Reintroducing Cicero’s Lost Art of Consolation


Saturday, October 29th at noon EST

with Mike Fontaine

In 45 BCE, the Roman statesman Cicero fell to pieces when his beloved daughter, Tullia, died from complications of childbirth. She was only 32. But from the depths of despair, Cicero found his way back. In an effort to cope with his loss, he wrote a consolation speech—not for others, as had always been done, but for himself. And it worked. Drawing on the full range of Greek philosophy and Roman history, Cicero convinced himself that death and loss are part of life, and that if others have survived them, we can, too. What’s more, he found new confidence that his daughter was happy, safe, and waiting for him in heaven.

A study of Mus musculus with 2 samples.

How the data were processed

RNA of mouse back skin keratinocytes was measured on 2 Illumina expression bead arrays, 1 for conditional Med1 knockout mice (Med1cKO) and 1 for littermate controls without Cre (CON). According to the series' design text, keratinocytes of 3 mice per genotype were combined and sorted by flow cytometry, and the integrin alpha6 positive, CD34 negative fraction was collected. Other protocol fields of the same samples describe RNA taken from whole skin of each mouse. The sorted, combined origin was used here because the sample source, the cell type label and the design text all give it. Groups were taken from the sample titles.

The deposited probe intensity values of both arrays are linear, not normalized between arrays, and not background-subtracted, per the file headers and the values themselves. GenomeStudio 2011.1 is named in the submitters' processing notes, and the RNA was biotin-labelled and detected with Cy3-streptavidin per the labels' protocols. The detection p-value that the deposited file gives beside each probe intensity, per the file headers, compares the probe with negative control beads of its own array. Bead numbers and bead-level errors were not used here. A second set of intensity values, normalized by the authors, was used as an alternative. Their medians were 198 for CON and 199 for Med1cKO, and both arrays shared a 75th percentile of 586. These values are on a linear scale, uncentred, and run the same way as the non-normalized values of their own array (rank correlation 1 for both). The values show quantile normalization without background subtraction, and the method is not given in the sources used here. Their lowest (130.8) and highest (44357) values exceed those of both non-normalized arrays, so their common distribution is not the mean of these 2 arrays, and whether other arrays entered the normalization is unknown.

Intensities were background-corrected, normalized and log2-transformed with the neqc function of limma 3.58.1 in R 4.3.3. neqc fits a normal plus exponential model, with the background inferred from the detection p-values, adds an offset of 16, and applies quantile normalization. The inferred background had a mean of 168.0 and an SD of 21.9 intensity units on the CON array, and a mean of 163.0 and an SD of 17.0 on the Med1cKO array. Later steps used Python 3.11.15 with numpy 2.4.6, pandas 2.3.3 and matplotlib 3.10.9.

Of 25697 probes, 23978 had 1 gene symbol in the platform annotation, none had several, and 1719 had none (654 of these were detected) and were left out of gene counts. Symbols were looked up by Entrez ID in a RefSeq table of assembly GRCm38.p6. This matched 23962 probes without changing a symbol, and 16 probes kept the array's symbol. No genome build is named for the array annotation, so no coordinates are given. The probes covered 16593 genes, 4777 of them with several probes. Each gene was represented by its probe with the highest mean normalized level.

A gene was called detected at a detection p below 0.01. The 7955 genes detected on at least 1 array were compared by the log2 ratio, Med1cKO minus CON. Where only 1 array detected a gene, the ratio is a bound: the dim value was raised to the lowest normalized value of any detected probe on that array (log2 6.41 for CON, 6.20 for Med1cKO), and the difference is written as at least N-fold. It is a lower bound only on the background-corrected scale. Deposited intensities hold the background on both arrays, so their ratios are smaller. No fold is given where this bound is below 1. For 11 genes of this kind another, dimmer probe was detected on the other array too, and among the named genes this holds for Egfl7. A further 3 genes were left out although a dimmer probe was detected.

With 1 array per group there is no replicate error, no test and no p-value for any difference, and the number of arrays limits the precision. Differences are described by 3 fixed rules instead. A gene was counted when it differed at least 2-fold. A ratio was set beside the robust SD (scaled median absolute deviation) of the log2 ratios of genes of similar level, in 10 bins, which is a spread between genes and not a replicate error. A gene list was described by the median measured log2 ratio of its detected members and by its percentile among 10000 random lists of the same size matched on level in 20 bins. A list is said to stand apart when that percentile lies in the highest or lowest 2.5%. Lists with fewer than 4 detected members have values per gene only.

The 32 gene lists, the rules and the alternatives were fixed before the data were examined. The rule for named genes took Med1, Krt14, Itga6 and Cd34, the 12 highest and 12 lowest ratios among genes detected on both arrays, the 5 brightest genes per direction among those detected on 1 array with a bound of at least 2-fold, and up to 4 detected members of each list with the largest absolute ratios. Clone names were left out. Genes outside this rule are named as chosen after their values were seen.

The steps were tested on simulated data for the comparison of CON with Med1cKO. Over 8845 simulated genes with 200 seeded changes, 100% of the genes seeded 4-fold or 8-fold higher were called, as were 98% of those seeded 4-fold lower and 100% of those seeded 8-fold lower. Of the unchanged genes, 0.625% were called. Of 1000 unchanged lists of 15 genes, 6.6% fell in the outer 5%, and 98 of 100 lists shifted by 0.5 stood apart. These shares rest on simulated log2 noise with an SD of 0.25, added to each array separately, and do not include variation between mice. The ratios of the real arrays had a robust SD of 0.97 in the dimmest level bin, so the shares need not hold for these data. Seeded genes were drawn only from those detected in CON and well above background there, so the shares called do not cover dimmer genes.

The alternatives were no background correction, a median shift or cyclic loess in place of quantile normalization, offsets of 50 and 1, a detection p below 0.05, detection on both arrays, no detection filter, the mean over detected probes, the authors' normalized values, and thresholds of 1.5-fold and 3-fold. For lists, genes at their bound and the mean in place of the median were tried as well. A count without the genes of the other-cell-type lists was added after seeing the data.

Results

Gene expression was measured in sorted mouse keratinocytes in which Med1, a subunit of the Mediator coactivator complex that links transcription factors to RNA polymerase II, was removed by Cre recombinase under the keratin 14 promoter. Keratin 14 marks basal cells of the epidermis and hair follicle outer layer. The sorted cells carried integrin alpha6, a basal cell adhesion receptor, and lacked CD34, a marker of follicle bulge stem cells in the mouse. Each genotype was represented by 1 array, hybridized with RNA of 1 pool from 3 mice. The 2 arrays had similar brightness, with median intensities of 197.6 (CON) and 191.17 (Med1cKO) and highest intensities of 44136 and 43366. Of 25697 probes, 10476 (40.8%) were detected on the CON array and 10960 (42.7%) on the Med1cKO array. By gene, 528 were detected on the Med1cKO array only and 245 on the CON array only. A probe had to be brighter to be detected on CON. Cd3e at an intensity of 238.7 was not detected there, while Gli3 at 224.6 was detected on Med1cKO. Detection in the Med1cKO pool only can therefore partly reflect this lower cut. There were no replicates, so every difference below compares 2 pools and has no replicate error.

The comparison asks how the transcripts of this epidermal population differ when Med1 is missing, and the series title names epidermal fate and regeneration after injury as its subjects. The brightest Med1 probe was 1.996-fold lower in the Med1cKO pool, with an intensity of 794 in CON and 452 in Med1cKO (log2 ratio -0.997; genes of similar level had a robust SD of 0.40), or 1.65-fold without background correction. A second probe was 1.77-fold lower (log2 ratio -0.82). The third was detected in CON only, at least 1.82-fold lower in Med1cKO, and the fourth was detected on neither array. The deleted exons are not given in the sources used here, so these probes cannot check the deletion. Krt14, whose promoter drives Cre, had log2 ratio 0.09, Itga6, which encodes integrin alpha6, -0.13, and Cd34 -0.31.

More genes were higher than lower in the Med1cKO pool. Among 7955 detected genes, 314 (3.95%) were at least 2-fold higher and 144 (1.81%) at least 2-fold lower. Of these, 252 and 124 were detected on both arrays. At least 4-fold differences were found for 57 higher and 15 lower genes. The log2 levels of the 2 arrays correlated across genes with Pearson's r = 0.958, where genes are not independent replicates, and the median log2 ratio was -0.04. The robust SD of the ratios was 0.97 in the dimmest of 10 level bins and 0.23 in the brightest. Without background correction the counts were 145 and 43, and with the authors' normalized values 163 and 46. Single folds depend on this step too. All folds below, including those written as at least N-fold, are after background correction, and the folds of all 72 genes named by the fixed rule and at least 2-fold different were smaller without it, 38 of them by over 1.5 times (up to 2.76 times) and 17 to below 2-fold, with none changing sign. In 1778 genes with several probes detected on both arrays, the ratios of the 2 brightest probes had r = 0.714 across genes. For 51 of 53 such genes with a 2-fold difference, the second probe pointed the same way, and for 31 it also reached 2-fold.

Lost in antiquity, Cicero’s Consolation was recreated in the Renaissance from hints in Cicero’s other writings and the Greek and Latin consolatory tradition. Professor Mike Fontaine has just translated the re-created Consolation for the first time in 250 years. In this talk, he’ll introduce and contextualize the text, its authorship, and summarize its Platonic and Stoic arguments for coping with shattering grief.

About our Speaker

Mike Fontaine is a Latinist with broad interests in Ancient Rome, the Renaissance, the Reformation, and the Enlightenment. He teaches at Cornell and twice led Paideia’s Living Latin in Rome. His latest work is a trilogy of mental health books for Princeton University Press on classical ideas of fortitude, resilience, and adaptability. Previous books covered wine, swine, mind, and a good laugh. Oh, and he was also recently parodied on Saturday Night Live (really! see it here.)